As the COVID-19 pandemic has unfolded across the globe, experts have been the source of insight into its unprecedented effect on economies and society.
At The Australian National University, academics from the Crawford School of Public Policy have played a key role informing government responses to the crisis and interpreting policy to the media and public.
School Director Professor Helen Sullivan said experts from a range of disciplines had provided research and commentary on the pandemic and its impacts in Australia and the region.
Professor Sullivan said a number of economists within the school had written on aspects of the economy, including how the country could come out of a recession and the impacts in terms of climate change.
Significant contributions have included modelling from Professor Warwick McKibbin on the global macroeconomic impacts of the pandemic, analysis from Professor Robert Breunig on the need for tax reform, and insights from Professor Frank Jotzo on the merits of investing in renewable energy to boost the economy.
Other experts were working on aspects of disaster recovery, social disadvantage and social impact, Professor Sullivan said.
“These are people who are political scientists, anthropologists, lawyers, people who are interested in what the pandemic has done to all aspects of our human relations and indeed our relationships with non-human parts of Australia,” she said.
In June, the Crawford School launched a COVID-19 online portal, providing a hub of public policy insights and research from its experts. The portal brings together publications, podcasts, blogs, media reports and videos related to the pandemic.
Research Director Björn Dressel said the portal was designed to help people “cut through the noise” of the day-to-day information and reporting on the coronavirus, and access longer-term expertise and analysis. The website also highlights the breadth of expertise within the school.
“We don’t just want to feature individuals...but rather portray the school as a laboratory of ideas and thoughts that range from the world-leading experts on economic modelling, to the anthropologist who’s working with Indigenous communities as an early career researcher,” he said.
Work featured on the portal includes research from Sara Bice and Kirsty O’Connell on the impact of the pandemic on infrastructure policy, Hugh McClure’s tracking of policy responses in Pacific Island countries, and analysis from Colette Einfeld on the use of behavioural insights.
“Government right now is really focused on economic recovery but, as you can see from our website, there’s a lot of concern among scholars about what price are we paying for that economic recovery, there are a lot of equity issues here, there are a lot of ethical issues to consider, there are constitutional issues to consider,” Dr Dressel said.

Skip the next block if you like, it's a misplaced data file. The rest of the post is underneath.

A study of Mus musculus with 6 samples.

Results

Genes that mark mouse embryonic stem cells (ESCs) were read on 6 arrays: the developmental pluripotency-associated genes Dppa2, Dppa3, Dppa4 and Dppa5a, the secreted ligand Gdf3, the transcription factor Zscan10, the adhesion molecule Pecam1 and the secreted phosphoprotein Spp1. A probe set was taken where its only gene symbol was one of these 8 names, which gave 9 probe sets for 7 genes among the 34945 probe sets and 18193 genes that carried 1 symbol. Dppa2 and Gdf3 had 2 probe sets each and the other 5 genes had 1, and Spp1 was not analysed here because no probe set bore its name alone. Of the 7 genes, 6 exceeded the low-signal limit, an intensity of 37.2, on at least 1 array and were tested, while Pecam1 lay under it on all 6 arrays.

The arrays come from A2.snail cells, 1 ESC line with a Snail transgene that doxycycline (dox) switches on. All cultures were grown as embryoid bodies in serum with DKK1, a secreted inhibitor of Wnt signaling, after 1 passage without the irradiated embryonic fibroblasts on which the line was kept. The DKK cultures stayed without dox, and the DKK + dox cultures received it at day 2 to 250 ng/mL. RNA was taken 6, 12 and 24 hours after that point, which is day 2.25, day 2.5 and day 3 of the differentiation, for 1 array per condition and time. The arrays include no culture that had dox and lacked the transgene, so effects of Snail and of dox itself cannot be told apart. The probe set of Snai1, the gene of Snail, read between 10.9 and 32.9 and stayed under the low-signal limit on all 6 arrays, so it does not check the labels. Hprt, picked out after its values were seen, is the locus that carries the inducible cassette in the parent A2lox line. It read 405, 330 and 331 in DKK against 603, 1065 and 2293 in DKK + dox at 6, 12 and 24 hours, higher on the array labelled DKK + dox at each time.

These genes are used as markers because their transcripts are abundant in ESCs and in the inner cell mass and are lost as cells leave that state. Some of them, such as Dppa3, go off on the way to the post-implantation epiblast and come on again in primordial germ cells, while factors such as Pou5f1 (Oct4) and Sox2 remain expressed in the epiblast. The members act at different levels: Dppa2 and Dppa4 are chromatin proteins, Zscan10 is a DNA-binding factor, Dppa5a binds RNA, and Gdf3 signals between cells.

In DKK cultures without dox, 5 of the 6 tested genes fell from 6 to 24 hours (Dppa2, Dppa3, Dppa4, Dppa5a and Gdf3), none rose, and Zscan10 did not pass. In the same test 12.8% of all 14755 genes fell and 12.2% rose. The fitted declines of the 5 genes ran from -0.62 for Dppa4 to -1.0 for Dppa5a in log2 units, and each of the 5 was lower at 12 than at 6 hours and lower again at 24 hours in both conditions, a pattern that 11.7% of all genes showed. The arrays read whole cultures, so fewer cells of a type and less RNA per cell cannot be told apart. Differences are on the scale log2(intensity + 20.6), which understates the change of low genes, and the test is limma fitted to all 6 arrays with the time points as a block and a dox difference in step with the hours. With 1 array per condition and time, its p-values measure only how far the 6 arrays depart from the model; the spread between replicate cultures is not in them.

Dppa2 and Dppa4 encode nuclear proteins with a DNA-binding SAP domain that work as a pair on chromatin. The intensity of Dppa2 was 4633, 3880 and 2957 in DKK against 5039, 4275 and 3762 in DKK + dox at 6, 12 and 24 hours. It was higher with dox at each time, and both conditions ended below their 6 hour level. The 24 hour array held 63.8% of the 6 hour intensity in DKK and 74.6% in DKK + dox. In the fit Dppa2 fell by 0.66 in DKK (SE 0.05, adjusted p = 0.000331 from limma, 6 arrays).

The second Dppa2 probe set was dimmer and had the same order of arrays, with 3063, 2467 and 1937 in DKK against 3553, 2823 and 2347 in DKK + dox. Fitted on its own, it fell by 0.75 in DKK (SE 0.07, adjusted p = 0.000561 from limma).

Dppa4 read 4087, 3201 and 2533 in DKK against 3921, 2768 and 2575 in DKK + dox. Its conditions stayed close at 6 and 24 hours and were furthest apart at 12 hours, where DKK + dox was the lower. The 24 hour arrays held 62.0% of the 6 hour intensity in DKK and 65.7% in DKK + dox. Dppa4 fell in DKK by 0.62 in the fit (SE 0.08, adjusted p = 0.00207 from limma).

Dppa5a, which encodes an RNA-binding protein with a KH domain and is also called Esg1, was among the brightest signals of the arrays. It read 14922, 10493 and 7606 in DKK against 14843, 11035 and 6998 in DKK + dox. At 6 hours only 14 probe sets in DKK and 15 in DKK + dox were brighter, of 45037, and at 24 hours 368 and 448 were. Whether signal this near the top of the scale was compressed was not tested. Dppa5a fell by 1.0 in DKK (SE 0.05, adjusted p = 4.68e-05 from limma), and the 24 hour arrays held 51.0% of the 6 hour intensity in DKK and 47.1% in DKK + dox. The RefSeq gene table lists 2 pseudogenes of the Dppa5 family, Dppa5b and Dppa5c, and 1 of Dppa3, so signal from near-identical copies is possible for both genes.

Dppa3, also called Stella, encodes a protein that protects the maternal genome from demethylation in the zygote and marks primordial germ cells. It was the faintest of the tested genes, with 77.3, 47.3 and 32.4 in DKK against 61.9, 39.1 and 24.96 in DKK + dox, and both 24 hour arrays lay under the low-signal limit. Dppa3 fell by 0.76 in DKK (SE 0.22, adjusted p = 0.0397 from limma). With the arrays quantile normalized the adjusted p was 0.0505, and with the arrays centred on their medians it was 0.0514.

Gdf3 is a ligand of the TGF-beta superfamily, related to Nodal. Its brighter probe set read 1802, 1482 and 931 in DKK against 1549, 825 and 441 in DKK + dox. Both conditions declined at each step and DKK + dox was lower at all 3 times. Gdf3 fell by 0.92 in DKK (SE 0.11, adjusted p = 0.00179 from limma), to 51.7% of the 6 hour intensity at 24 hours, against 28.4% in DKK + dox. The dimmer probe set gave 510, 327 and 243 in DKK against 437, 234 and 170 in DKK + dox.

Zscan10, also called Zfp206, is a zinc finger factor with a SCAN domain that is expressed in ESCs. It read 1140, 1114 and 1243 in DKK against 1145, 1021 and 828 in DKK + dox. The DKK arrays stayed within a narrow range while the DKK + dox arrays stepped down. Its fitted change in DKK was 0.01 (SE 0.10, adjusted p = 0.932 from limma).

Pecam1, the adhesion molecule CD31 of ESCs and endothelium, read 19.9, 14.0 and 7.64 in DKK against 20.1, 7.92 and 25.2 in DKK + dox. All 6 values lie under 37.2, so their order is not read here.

Professor Sullivan said many academics within the school were drawing on their regional expertise to provide insight into the effects of the pandemic in the broader Asia-Pacific region.
“One of the things they have been able to do is to show...the different ways in which different countries, different societies, different communities are experiencing crisis and comparing that, or allowing the public to think about that in the context of how things are being done in Australia,” she said.
“We see it very much as a way of thinking both about what’s happening in Australia - economically, socially, politically, culturally - but also thinking about Australia and the region.”
Professor Sullivan pointed to work by Professor Sharon Bessell and Dr Angie Bexley, who drew on a 2018 study using the Individual Deprivation Measure to discuss the risk of infections in some Indonesian communities that had limited access to a household toilet and clean water.
“That had a really profound impact on discussion in Indonesia,” Professor Sullivan said.
In April, several academics from the Crawford School were members of the Group of Eight’s Roadmap to Recovery Task Force, which provided a report to the Australian Government to guide responses to the pandemic.
Dr Dressel said recent events, such as the bushfires during the Australian summer and now the pandemic, had seen the government rely more on technocractic expertise.
“The role of academics is an interesting one because on the one hand, and the Crawford School is a prime example, we are asked upon to provide expert advice that feeds straight into the policy process, but on the other hand we are also asked to translate some of these complicated models and ideas into something that is more digestible,” he said.